Indianapolis Motor Speedway, Speedway, IN — August 31, 2019
It seems the last couple of years, every time the NASCAR Circuit rolls into Indianapolis, the talk of dropping the Brickyard from the schedule surfaces. The overhaul of the 2020 Cup Series schedule is just a precursor to the changes 2021 may produce as track contracts come up for renewal.
It is true, since the 2008 tire disaster race, crowd enthusiasm for the Brickyard event has dwindled. Last year Mother Nature created a disaster of her own with three consecutive days of rain pushing both the Xfinity and Cup races to Monday. A small crowd of fans, that skipped work, showed up on a cool and cloudy day to watch the doubleheader.
Personally, I would hate to see Indy dropped from the schedule, my opinion is that it will remain a part of Cup Series and here’s why.
The Brickyard is Important to NASCAR
You need to look no further than the 2020 schedule to see how important the Brickyard is to NASCAR. International Speedway Corp. the racetrack ownership arm of NASCAR gave up their traditional July 4th weekend spot on the schedule allowing the most famous racetrack in America, and arguably the world, to now host races on two major patriotic holiday weekends.
Indy on the schedule as the final race of the regular season was, in itself, a premier spot for a racetrack. It could be said that last year, in addition to the weather, fans had not entirely warmed up to the new playoff format. That seems to be changing as Darlington just announced a sell-out for their race.
If this year’s Big Machine Vodka 400 at the Brickyard draws a good crowd, it may be an indication the lagging attendance figures can be turned around.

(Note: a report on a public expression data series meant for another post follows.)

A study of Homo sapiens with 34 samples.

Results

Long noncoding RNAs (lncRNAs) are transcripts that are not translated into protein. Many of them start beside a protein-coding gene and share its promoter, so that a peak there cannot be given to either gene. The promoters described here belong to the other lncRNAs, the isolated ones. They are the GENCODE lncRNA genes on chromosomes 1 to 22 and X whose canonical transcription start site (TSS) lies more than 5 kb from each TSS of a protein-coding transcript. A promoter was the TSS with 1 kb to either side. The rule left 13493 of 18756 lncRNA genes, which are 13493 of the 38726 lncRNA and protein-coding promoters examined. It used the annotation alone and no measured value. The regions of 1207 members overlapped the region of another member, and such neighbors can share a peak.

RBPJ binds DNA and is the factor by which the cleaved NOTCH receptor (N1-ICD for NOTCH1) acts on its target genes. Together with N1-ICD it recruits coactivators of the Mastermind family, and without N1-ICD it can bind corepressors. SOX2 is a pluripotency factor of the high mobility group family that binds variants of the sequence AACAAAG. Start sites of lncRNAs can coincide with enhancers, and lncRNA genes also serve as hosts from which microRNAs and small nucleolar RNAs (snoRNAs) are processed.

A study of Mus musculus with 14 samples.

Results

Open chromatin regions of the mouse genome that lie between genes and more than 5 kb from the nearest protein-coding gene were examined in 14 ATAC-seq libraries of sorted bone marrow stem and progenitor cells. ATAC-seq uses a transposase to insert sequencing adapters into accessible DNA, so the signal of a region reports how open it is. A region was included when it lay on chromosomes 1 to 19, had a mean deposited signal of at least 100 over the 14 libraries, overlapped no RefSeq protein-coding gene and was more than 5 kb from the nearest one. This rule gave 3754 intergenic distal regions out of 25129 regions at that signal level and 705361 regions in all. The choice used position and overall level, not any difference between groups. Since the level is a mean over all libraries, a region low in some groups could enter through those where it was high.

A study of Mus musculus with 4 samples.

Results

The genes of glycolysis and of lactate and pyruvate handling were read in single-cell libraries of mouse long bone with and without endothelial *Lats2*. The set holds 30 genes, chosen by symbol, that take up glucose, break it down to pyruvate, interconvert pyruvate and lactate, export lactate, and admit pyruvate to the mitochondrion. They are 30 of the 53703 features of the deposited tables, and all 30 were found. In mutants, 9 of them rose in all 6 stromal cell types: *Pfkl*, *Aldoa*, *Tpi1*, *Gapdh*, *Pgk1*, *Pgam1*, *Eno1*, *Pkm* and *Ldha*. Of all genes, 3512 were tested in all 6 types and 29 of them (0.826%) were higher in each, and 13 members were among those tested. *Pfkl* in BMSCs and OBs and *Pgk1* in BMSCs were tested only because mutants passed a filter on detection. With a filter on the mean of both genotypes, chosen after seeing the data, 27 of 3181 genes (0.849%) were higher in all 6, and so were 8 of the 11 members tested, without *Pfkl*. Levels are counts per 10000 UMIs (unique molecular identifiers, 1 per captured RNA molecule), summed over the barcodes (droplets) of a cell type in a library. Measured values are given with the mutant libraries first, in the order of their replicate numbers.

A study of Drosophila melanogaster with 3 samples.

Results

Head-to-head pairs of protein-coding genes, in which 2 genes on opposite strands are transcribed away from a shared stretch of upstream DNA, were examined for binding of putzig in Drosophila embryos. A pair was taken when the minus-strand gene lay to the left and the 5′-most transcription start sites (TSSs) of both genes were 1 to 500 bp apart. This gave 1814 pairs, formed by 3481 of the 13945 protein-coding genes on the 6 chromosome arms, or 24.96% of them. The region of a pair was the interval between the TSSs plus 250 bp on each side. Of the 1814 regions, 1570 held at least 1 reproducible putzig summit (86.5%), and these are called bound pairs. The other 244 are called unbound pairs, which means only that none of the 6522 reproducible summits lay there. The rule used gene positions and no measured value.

NASCAR is Important to the Indianapolis Motor Speedway
The NASCAR race weekend provides the speedway with a 2nd marquee race each year. While the Indianapolis 500 used to be a month-long event, that has diminished somewhat down to the qualifying weekend and the race.
Indianapolis Motor Speedway does not need another failure. The short-lived Formula 1 U.S. Grand Prix, with its own tire controversy, left the speedway with somewhat of a black eye on the world racing stage. To lose the biggest racing series in America would be another blow to the track that needs major events to fund its massive complex.
A Change From Oval to Road Course is Not the Answer
Some have suggested that making the Brickyard a road course event on NASCAR’s schedule is the answer to the attendance problems. Sightlines are already a problem at Indy. NASCAR fans are used to buying a grandstand seat and with few exceptions being able to see the entire track from a seat with a view of pit road included. Such is not the case at Indianapolis Motor Speedway where the best seat at the top of the grandstand only provides a view of less than half of the racing surface.
While an Indy road course race might make for great TV, the track is already an important part of the television package NASCAR sells to the networks. Are NASCAR fans going to move from the grandstands to a more constricted view in the infield? Sounds like a tough sell to me.
The tri-oval at Charlotte Motor Speedway lends itself to a great layout for the beginning and end of laps around the Roval that also employs a visible section of the infield. Indy’s long straightaway and pit road wall are not going to accommodate a chicane or slam-bang finish like we saw at Charlotte last fall.
Here’s to a Great Event in 2019
Hopefully, no hurricane remnants threaten the race this year and the tight playoff competition is a compelling reason for fans to check out the final race of the regular season. Plus, the new competition package is likely to produce a more competitive race and the type of action NASCAR fans love.
If everything combines into a great crowd on September 8th, maybe this talk of divorce can finally be put to rest.